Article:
IV iron and left-handed drawing

I reached another milestone in my slow-moving self-managed healthcare review by having an intravenous infusion of Ferinject at the hospital day care unit this morning. The aim of this is to raise my rock-bottom serum ferritin level to mid-range in the hope of alleviating some of my fatigue and possibly reducing the severity of my RLS (restless legs syndrome).

I’m slightly annoyed that despite suffering severe fatigue and having low iron levels for many years I’ve never been offered the option of IV iron. Tablets have just about kept me within the normal range, at the expense of considerable gastrointestinal distress. Still, at least when I asked my GP about it he referred me to a haematologist who agreed to me having the treatment.

It’s too early to say whether it’s going to have a beneficial effect, but, touch wood, at least I seem to have avoided any side effects so far. I have to have a blood test in two weeks time to see what effect it has had on my serum ferritin level and time will tell whether I feel better generally.

I’m generally quite an anxious person and don’t much like hospitals, so I was really pleased at how calm I was throughout the whole procedure. Especially as I went to bed last night with a stonking migraine and wasn’t sure whether I’d even be well enough to go to the appointment. That’s a reassuring affirmation of my improving ability to handle anticipation anxiety.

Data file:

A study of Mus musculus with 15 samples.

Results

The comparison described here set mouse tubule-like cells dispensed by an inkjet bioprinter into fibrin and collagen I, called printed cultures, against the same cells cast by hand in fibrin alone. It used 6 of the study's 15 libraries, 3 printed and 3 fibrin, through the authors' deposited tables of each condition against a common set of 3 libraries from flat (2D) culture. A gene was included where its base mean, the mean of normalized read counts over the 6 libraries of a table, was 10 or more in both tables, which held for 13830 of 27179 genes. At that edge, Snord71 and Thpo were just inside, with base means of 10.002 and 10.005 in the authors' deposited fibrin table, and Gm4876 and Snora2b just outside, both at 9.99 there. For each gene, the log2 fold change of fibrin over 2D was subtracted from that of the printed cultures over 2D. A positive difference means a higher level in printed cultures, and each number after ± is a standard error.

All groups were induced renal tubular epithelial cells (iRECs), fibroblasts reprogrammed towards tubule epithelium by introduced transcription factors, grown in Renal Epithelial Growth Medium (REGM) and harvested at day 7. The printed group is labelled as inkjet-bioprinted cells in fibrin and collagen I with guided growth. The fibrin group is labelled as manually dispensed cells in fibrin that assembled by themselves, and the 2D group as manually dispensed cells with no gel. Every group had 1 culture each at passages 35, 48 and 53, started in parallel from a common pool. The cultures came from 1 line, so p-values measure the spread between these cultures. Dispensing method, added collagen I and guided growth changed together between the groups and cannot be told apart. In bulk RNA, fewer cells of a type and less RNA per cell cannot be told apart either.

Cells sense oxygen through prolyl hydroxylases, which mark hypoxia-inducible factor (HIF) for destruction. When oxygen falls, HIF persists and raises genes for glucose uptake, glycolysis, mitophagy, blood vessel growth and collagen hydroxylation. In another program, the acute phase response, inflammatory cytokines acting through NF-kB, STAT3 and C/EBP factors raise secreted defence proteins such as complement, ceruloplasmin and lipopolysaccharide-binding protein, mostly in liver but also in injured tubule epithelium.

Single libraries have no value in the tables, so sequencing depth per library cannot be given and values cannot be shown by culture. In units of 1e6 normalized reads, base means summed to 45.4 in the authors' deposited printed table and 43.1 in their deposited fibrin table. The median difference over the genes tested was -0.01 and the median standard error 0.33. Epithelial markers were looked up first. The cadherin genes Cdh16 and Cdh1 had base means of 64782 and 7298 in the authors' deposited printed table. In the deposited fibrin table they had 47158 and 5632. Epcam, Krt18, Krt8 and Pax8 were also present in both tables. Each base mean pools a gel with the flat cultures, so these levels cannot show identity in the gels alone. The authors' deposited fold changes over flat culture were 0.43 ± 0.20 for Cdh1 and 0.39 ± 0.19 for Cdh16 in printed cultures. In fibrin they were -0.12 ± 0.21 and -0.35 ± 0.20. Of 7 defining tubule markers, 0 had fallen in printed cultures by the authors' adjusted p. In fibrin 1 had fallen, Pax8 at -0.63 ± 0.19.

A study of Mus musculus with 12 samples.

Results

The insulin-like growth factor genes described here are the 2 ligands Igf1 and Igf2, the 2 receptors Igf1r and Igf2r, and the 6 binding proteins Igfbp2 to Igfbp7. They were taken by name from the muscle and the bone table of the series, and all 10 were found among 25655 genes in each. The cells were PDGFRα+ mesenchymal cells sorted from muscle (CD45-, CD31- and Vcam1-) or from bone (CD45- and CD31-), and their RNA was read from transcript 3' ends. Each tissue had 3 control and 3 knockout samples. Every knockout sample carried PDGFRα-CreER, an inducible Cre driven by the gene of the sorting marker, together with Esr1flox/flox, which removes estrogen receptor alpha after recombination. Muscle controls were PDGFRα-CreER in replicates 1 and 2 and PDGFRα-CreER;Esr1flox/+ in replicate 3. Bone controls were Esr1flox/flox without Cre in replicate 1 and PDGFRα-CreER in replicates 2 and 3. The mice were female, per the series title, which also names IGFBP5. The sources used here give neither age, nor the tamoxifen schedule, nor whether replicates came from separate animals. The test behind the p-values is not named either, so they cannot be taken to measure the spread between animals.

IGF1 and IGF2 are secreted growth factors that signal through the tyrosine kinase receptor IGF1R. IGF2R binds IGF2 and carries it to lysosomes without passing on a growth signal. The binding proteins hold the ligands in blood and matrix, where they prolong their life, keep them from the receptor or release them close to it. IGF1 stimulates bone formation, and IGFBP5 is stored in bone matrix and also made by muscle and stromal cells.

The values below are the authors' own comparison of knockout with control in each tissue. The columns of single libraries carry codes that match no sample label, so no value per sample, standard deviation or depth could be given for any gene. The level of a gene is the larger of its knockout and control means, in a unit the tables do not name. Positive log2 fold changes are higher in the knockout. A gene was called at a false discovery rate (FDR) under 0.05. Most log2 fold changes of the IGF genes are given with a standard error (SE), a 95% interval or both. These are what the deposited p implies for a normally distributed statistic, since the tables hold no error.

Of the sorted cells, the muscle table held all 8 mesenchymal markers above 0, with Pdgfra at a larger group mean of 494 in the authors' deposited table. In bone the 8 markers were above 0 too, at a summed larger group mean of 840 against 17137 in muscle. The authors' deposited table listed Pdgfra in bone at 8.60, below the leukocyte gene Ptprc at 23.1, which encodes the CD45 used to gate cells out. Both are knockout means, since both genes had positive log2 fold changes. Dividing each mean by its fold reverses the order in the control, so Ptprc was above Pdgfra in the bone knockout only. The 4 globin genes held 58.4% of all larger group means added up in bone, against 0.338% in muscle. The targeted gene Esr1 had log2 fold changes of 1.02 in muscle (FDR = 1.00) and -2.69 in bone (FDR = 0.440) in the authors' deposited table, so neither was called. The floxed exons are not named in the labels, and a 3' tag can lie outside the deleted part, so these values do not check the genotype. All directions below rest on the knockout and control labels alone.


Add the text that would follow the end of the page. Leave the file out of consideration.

ferrinject2I took knitting, reading material and a sketch book with me, so I’d have something to occupy my mind while I waited. As the line had to go into my right arm where I have a lovely big fat easy-to-stick vein I was a bit constrained in what I could do, so I decided to have go at drawing left-handed. Which turned out to be the perfect way to pass the time while the appropriately rust-coloured liquid dribbled into my bloodstream.

I had to concentrate fiercely and work slowly to make my pencil go approximately where I wanted it to go. Knowing I couldn’t possibly do a “good” drawing with my non-dominant hand freed me to focus on the process not the end results. I must try to apply what I learnt to drawing with my right hand – concentrate on the process, not the end product!

(Don’t scroll down any more if you are squeamish!).